I can feel summer coming… can you? Long days, more sunshine and outdoor activities, summer fruits and barbeques, graduations, travel. There’s a spirit of play in the air…
If you follow SBDP’s instagram you may have seen me dancing and photographing in the prairies. My mother and I took a trip to Nebraska to tour Red Cloud and small towns connected to our family history. It’s the first of many trips I’ll make there over the next few years as I start to research and germinate ideas for a new dance theater piece.
Here on the Oakland homefront, SBDP’s Homeward family reunited to rehearse an excerpt from our 2017 show in preparation for this Sunday’s East Bay Dances showcase at Laney College. Come see this delightful cast of characters perform in an impressive mixed program curated by the Oakland Ballet Company.
East Bay Dances
Sunday, June 2, 4:00 pm
Odell Johnson Performing Arts Center Theater
Laney College, 900 Fallon Street, Oakland
Tickets and info
Earlier this month, KJ and I had a blast performing the new duet we’d created about Queer Bodies and Safety In Public Spaces for BULBFEST outdoor art and dance at the Albany Bulb. Folks generously loaned us brightly colored safety gear to better “Stand Out” in the shadows, tree limbs and tall grasses. We explored shifting notions of trust and intimacy in relationship to the physics of the landscape and the removal of layers of protection. And wouldn’t you know it, right at the point in the piece when we have the greatest amount of exposed flesh, right when we were crouching down to slip into the grass, there they were, big snakes! — one coiled and still, others shimmying out from the raised earth. A performance first for me! It was a reminder we were really guests/intruders in their home. We asked politely if we might dance around them, adjusted our spacing and continued the show.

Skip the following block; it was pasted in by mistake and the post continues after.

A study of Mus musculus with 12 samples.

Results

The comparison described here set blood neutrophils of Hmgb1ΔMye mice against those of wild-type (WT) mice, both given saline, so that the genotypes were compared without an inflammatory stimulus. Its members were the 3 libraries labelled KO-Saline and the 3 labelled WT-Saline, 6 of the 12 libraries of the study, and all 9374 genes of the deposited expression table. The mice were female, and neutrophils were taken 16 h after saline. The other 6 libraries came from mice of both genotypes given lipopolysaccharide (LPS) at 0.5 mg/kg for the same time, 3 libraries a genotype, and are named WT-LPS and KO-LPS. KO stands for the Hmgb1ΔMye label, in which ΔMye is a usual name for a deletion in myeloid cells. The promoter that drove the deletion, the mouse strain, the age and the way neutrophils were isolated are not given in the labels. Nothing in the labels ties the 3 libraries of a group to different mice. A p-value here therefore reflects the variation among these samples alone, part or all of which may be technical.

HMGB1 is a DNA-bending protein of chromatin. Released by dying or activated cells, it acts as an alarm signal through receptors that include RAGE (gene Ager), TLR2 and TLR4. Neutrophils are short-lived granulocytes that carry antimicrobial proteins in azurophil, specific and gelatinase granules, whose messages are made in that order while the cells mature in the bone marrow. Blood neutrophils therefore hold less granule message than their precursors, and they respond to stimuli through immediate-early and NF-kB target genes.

Also this month, I took part in a process and performance workshop with Israeli choreographer, Miriam Engel. In 10 hours we put together a piece called “Happy” about the mixed emotions around celebrations and marker events. I found myself in a position of needing to memorize what felt to me like a fair amount of fairly complicated text in a fairly short amount of time. The experience gave me a tiny window into what actors are asked to do all the time. As I rushed from our Shawl-Anderson Dance Center showing to the closing performance of Weightless at A.C.T.’s The Strand I had a renewed awe for the cast who were ROCKING IT as musicians and actors who also brilliantly embodied the show’s choreography.
As June approaches, I’m gearing up for Pride, gathering Oakland LGBTQ oral histories, planning SBDP’s summer fundraising campaign, booking dancers, signing theater contracts, writing grants and proposals, teaching classes, studying Willa Cather, programing our fall show, walking my dogs, and smelling the roses and jasmine.
I look forward to our paths crossing in June — in a field, in the streets, at the theater, in a dance class. What adventures does your summer hold?
Oh! One other exciting bit of news! Now that the show has been officially picked up by NBC I can tell you about it! Earlier this year I auditioned for a Crowd Dancer role in a TV pilot. And, I got the part! The audition, the rehearsals and the days shooting on the streets of SF were challenging and totally dreamy. Getting to witness two choreographers I admire, Emmy Award Winning choreographer Mandy Moore (La La Land) and associate choreographer Jillian Meyers, was awesome. Their artistry, professionalism, communication, teamwork, leadership and particularly the way they worked together was truly inspiring. My role is one of those “blink or you’ll miss it” or “quick, hit pause and take a screenshot!” scenarios. But I’m so excited to see the show and more of Mandy & Jillian’s incredible work.
Zoey’s Extraordinary Playlist is a joyous and celebratory drama, Zoey Clarke (Jane Levy) is a whip-smart, socially awkward, computer coder forging her way in San Francisco. After an unusual event, she starts to hear the innermost wants and desires of the people around her through songs and even big musical numbers that they perform just for her. At ﬁrst, she questions her own sanity, but soon realizes this unwanted curse may just be an incredibly wonderful gift.